Carag Tissue Oxygenation Monitoring System
The Carag Tissue Oxygenation Monitoring System (CTOM) is a new near-infrared spectroscopy (NIRS) device that allows accurate oxygenation measurement of the belly to prevent severe complication in preterm babies. It is designed to early detect life-threatening health concerns.
Preterm babies can be monitored with CTOM with the goal to detect
- Necrotizing enterocolitis (NEC)
- Compensated shock
Until now abdominal NIRS measurements usually show a high degree of variability and therefore are not clinically useful. The reason are absorbers such as faeces and meconium, which are not taken into consideration by current NIRS instruments and interfere with the measurement. There is no instrument available today that is designed to measure the oxygenation of the abdomen correctly.
CTOM is designed to precisely, non-invasively and continuously monitor the oxygen saturation through the belly of preterm babies using near-infrared light. The CTOM algorithm will analyze the reflected light and compensate the impact of intestinal content on the NIRS signal for optimal results and accuracy.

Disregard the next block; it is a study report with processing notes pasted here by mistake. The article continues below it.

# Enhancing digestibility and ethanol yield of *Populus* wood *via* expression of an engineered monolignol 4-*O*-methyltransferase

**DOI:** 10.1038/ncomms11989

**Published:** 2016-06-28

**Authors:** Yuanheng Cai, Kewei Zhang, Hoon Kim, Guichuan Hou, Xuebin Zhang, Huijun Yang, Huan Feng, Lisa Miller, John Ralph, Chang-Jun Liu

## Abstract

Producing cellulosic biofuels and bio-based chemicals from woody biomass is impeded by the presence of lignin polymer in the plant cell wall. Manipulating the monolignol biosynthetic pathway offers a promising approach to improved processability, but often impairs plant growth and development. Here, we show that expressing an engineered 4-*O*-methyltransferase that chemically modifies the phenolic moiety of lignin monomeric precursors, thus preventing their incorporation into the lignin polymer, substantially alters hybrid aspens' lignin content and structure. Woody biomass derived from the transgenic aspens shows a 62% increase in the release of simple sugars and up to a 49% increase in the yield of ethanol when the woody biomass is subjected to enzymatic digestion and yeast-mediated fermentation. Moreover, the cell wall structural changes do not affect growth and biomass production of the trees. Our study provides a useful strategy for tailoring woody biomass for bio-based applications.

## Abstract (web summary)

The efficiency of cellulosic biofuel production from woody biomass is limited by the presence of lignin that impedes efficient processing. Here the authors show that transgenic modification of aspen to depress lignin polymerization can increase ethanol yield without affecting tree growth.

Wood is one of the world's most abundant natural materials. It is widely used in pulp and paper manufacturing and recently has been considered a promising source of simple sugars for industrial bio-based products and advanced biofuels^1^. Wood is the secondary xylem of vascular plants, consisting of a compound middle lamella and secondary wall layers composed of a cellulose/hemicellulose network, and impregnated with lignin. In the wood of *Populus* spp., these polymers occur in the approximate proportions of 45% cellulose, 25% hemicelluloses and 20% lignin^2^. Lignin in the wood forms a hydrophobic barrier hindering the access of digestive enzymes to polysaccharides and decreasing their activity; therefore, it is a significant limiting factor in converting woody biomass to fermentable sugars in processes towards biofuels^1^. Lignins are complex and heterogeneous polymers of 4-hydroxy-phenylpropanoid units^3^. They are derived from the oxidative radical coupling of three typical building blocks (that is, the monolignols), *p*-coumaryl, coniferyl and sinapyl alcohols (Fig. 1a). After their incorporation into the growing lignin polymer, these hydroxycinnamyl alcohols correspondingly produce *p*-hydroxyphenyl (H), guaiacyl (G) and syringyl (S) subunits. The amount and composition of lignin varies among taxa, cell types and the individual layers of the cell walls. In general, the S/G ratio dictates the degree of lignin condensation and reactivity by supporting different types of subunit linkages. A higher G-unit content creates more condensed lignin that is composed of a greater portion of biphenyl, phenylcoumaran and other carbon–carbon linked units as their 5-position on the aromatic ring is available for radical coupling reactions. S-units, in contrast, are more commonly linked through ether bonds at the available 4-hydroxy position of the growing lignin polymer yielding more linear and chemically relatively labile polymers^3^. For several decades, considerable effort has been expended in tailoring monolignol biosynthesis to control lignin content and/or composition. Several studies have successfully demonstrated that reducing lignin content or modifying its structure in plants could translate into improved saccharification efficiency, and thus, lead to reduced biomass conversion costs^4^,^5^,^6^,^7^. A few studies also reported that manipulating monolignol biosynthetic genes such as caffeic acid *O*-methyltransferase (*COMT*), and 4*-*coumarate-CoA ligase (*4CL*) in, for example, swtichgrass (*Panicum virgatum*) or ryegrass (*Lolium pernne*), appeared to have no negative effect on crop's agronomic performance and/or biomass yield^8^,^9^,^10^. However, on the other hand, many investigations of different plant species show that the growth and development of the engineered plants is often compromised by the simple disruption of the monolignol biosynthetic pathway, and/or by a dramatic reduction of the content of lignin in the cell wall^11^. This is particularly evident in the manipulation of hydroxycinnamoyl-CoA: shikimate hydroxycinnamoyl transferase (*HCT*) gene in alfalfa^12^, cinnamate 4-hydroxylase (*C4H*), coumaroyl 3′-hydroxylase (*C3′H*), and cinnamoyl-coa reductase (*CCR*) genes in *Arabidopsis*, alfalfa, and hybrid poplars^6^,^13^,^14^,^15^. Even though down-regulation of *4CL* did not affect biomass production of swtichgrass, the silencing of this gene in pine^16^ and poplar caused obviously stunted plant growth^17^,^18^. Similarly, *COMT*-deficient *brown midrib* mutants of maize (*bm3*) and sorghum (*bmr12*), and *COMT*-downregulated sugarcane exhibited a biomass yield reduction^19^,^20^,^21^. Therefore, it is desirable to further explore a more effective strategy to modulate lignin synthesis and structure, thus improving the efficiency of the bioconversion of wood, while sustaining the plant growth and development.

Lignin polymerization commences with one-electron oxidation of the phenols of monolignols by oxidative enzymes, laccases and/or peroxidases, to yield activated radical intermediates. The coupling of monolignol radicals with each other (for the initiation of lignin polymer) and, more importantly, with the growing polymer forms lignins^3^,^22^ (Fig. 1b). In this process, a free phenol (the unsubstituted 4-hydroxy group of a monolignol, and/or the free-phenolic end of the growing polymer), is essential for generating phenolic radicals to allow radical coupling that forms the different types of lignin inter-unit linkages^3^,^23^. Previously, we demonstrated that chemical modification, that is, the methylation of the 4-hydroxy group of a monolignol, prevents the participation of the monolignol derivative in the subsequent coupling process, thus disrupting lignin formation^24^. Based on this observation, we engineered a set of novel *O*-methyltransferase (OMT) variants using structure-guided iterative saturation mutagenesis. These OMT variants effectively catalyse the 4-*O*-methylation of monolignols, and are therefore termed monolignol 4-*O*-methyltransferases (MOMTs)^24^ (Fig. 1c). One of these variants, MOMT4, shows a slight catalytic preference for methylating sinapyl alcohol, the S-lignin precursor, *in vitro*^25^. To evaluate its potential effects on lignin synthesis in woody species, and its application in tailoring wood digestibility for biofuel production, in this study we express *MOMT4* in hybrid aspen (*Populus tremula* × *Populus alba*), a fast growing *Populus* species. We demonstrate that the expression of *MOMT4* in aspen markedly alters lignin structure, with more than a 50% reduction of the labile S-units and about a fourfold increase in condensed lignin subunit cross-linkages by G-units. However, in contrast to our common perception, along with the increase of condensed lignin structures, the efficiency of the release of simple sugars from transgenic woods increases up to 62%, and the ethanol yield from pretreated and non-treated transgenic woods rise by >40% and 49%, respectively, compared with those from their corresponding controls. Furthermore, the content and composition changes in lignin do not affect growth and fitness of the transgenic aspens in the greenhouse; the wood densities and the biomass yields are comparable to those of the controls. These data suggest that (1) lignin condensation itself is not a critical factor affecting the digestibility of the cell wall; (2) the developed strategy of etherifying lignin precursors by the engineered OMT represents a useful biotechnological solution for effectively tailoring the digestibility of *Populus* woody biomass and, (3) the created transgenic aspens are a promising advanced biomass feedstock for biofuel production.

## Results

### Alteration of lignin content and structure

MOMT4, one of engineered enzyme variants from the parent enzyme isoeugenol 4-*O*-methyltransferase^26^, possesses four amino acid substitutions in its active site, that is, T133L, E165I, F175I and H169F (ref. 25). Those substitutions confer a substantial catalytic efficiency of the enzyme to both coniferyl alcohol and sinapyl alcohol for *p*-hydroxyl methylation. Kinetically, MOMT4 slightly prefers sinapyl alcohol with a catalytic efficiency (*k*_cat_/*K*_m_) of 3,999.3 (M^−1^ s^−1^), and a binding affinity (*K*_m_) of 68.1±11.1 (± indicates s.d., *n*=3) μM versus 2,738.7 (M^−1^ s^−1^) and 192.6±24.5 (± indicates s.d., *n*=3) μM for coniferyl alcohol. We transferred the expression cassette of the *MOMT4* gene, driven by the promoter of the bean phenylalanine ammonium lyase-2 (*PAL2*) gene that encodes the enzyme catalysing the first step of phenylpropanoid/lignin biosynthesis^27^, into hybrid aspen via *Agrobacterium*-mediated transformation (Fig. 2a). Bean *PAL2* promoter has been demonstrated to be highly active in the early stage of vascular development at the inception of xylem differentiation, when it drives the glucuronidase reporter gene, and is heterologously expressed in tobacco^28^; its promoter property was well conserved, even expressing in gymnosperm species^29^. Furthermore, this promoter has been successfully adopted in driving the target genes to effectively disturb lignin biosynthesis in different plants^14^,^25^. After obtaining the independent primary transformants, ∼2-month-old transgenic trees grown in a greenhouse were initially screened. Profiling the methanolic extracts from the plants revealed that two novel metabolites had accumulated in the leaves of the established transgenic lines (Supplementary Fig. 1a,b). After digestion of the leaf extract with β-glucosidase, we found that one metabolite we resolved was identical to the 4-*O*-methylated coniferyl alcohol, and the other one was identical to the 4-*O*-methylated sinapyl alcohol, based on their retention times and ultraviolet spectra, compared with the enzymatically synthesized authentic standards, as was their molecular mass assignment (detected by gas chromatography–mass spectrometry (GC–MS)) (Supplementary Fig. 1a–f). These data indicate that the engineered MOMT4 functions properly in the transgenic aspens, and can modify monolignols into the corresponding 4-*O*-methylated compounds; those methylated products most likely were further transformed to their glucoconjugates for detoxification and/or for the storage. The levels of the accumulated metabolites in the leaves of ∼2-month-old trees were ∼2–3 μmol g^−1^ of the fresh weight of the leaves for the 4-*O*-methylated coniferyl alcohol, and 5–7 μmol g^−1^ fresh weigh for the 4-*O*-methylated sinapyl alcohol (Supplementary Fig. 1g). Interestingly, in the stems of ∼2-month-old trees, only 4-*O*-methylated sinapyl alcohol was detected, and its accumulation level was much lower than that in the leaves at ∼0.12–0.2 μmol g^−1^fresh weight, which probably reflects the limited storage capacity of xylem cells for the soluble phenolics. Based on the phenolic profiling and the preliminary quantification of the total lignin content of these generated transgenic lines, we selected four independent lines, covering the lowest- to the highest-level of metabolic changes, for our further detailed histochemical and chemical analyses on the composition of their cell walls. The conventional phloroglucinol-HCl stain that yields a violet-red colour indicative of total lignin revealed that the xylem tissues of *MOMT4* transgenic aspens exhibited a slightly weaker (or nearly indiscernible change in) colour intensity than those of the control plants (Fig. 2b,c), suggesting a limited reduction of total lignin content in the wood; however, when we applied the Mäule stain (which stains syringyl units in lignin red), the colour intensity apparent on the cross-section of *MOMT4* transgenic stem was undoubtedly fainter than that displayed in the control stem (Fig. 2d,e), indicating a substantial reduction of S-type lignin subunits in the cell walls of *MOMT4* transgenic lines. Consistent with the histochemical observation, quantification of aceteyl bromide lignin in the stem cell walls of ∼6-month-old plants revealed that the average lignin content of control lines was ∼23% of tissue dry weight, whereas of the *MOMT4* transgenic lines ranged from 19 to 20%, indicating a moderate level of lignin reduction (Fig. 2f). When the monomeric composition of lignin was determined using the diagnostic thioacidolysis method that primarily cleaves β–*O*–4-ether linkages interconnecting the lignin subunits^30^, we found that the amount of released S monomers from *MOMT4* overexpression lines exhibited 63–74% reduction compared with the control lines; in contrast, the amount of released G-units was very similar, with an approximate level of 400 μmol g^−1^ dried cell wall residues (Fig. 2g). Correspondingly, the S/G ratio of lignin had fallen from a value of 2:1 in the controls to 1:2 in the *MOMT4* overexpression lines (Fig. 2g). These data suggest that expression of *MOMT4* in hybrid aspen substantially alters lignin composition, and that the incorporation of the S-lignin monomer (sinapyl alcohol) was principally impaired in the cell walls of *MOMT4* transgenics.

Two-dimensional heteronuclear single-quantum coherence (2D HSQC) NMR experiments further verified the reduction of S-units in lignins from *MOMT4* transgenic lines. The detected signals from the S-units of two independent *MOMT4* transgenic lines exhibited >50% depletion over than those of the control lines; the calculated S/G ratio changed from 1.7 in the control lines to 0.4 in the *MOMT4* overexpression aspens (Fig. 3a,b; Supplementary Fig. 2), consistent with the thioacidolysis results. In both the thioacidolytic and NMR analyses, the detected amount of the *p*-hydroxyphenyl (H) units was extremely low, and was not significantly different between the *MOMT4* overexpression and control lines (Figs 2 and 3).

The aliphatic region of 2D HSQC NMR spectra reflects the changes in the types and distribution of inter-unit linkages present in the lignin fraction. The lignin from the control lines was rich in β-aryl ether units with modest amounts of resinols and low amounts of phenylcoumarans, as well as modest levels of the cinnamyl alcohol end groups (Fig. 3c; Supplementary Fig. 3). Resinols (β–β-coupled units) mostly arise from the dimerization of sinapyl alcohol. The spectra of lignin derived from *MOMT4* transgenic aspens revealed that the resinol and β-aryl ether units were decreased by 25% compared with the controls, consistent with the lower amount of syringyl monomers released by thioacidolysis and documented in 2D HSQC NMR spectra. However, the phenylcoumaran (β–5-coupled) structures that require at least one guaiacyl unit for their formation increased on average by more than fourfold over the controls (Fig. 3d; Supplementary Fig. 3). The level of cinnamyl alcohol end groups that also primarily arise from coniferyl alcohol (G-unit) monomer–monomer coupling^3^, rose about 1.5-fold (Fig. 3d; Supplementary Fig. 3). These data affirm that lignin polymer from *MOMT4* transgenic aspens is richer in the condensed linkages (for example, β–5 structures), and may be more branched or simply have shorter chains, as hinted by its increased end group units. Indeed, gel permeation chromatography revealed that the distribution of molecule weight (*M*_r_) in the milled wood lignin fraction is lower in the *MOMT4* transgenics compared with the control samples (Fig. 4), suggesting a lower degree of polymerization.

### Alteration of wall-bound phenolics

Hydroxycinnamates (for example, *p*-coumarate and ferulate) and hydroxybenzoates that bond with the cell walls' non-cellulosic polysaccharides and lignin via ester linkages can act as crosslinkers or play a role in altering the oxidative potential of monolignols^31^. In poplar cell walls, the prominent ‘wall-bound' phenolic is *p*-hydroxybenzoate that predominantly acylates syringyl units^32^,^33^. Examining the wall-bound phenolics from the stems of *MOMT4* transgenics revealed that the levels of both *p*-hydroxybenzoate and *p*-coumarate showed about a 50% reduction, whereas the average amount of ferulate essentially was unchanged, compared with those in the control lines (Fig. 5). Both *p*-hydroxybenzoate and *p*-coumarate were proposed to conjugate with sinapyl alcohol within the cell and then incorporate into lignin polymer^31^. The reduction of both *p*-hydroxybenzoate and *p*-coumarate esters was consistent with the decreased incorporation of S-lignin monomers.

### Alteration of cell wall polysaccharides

The CTOM sensor was designed based on extensive studies that assessed the optical characteristics of preterm babies' bellies and their intestinal content.
- Currently a study with 10 preterm infants is in progress with the goal to show the safety, comfort of the sensor and the accuracy of the measurement
- NEC is the most common gastrointestinal emergency of preterm babies and a leading cause of morbidity and mortality in this population. Studies show lower StO2 readings on the abdomen tied to NEC.
- Consequently, abdominal StO2 monitoring is a promising tool to help recognizing NEC and may serve clinicians as an additional tool in the decision process on further treatment.
- Preterm infants often have unstable blood circulation. They are in so-called compensated shock - their vital organs receive enough oxygen, but peripheral and non-vital organs may already suffer from insufficient oxygenation.
- Since traditional monitoring only focuses on the vital organs, critical deterioration of the babies' status is often detected too late when the baby is already going into shock.